BY DUNCAN OSBORNE | Nine AIDS activists were arrested after they blockaded the entrance to the Consulate General of Nigeria while protesting that country’s recently enacted law with harsh criminal penalties for LGBT people and for advocacy of LGBT causes.
“We have gathered today to demonstrate our solidarity with the lesbian, gay, bisexual, and transgender community of Nigeria and with their families and friends,” said Charles King, the president of Housing Works, an AIDS group, at a March 7 rally. “We stand today not only in solidarity with this community, but also with the same communities in Uganda, in Cameroon, in Jamaica, with the young black gay man in East New York, with the young transgender Latina woman in the South Bronx, indeed, with all those around the globe, wherever they may dwell, who live in fear, who are forced from their homes, who suffer violence and indignities upon their person because of who they are or whom they love.”
King spoke to the roughly 400 people who joined the rally that was held in Midtown Manhattan on Second Avenue across from the consulate. Moments after King’s speech, the nine activists blocked the entrance to the building. They were first addressed by a senior consulate staffer using a police megaphone, though he could not be heard over the activists’ chanting, then police warned them to disperse. Similar protests were held in seven other cities around the globe on March 7.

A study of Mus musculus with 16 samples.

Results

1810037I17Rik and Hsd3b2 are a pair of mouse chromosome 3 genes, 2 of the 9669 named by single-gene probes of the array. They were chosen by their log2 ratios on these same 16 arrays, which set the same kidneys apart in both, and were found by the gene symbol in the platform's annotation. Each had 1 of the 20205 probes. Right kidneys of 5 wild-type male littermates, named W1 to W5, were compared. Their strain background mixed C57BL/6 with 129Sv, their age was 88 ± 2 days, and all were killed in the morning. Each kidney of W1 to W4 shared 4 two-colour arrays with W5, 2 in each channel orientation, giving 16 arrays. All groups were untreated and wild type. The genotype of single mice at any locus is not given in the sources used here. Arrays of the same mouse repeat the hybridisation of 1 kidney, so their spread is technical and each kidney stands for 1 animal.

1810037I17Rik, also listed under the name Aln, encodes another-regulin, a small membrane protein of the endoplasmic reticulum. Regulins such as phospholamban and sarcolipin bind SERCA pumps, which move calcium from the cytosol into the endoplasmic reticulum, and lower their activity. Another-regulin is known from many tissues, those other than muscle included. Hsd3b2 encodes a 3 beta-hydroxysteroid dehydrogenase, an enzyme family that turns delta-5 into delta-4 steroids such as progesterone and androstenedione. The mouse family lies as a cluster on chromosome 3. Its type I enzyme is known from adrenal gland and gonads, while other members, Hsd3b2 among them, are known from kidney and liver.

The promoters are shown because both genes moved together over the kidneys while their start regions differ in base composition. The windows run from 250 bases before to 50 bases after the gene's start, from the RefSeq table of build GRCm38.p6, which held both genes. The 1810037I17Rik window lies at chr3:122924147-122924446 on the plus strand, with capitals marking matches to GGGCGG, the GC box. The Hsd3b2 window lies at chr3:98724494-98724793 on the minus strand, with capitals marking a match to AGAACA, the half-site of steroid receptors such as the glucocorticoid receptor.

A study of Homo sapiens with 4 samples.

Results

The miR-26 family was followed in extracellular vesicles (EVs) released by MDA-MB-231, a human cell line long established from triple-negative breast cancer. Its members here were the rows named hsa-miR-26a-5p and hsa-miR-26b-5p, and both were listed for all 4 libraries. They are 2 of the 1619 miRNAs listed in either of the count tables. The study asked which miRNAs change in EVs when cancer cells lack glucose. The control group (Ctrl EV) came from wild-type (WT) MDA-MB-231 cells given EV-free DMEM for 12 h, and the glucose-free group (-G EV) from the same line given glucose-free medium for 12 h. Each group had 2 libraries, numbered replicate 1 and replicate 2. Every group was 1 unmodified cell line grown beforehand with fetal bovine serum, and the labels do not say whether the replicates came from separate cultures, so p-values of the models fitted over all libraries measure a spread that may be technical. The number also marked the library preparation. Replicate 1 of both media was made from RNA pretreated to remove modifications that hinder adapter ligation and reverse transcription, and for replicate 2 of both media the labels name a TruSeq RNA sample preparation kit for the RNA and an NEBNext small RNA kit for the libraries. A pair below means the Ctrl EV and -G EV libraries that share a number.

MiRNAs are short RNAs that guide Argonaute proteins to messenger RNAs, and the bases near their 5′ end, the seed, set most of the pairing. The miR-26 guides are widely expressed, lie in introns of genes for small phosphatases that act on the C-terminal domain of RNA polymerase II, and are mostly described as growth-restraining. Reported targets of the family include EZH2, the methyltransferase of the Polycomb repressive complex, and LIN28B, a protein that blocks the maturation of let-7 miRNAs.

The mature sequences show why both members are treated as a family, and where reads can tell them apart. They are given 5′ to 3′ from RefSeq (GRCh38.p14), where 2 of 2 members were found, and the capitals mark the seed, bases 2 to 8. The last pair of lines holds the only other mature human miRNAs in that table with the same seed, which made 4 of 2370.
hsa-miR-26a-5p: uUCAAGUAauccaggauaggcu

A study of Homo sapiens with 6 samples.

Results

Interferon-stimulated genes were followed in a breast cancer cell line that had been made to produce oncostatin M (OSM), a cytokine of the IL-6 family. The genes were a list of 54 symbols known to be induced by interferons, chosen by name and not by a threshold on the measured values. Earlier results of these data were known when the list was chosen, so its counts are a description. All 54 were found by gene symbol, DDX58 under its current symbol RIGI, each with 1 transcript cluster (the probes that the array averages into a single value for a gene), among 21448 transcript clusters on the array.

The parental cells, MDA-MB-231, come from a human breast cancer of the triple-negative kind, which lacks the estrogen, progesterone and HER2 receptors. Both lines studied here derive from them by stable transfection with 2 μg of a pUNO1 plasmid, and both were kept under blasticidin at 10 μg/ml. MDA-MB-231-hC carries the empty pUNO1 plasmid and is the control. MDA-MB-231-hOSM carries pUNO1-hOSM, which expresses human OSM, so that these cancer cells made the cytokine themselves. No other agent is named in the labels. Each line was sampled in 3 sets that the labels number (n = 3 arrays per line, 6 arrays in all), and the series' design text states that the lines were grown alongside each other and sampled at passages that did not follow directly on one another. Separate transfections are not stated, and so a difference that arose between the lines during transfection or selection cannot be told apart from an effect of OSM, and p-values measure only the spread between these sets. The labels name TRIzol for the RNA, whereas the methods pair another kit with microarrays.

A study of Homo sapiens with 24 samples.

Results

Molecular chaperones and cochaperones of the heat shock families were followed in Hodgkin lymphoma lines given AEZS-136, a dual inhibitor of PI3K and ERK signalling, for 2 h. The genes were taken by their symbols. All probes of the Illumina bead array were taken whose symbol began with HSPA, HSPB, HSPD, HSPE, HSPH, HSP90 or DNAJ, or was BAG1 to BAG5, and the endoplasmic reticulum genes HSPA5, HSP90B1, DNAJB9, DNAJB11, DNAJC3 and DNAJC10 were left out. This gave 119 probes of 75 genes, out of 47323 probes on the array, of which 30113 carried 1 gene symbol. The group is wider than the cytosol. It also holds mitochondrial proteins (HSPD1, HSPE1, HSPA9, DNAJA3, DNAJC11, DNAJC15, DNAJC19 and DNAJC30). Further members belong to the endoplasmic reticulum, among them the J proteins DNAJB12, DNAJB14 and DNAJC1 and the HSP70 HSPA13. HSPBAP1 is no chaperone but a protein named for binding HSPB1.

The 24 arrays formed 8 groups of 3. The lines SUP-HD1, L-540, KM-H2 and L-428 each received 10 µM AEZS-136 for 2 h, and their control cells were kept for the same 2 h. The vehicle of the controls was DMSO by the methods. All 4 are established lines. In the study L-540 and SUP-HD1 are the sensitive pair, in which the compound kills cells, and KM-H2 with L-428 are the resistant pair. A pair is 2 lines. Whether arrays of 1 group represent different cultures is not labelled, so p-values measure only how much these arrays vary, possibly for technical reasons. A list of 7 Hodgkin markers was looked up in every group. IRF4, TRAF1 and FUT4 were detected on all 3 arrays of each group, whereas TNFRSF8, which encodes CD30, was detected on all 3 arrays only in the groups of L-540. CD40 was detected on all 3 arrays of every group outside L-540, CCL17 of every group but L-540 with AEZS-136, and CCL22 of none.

The rally was produced by the Nigerian Solidarity Alliance, with Michael Ighodaro, a Housing Works staffer, being the primary organizer. Ighodaro is a gay Nigerian who won asylum here in the US. The rally was endorsed by a dozen gay and AIDS groups.
Nigeria is the latest nation to enact harsh criminal penalties for homosexuality in a trend that stands in contrast to gains made by the LGBT community on marriage in North America and some European countries.
Gay City News columnist Kelly Cogswell and filmmaker Harriet Hirshorn provide a video report.
On March 5, members of ACT UP, LGBT Faith Leaders of African Descent, and Queer Nation gathered outside the Permanent Mission of Uganda to the UN to protest Uganda’s anti-homosexuality law, also recently put in place. That law applies harsh criminal penalties to LGBT Ugandans and even to those who fail to report knowledge of homosexual activity. Similar protests were held in roughly a half dozen cities on March 5.
Stacey Robinson, who convenes Maranatha, the LGBT ministry at New York City’s Riverside Church, told the crowd, “Injustice anywhere is a threat to justice everywhere... It does not matter if you are black, white, straight, gay, transgender, lesbian, whatever you are, you are entitled to your place on God’s green earth... What’s going on in Uganda, we’re not going to sit by and just let happen.”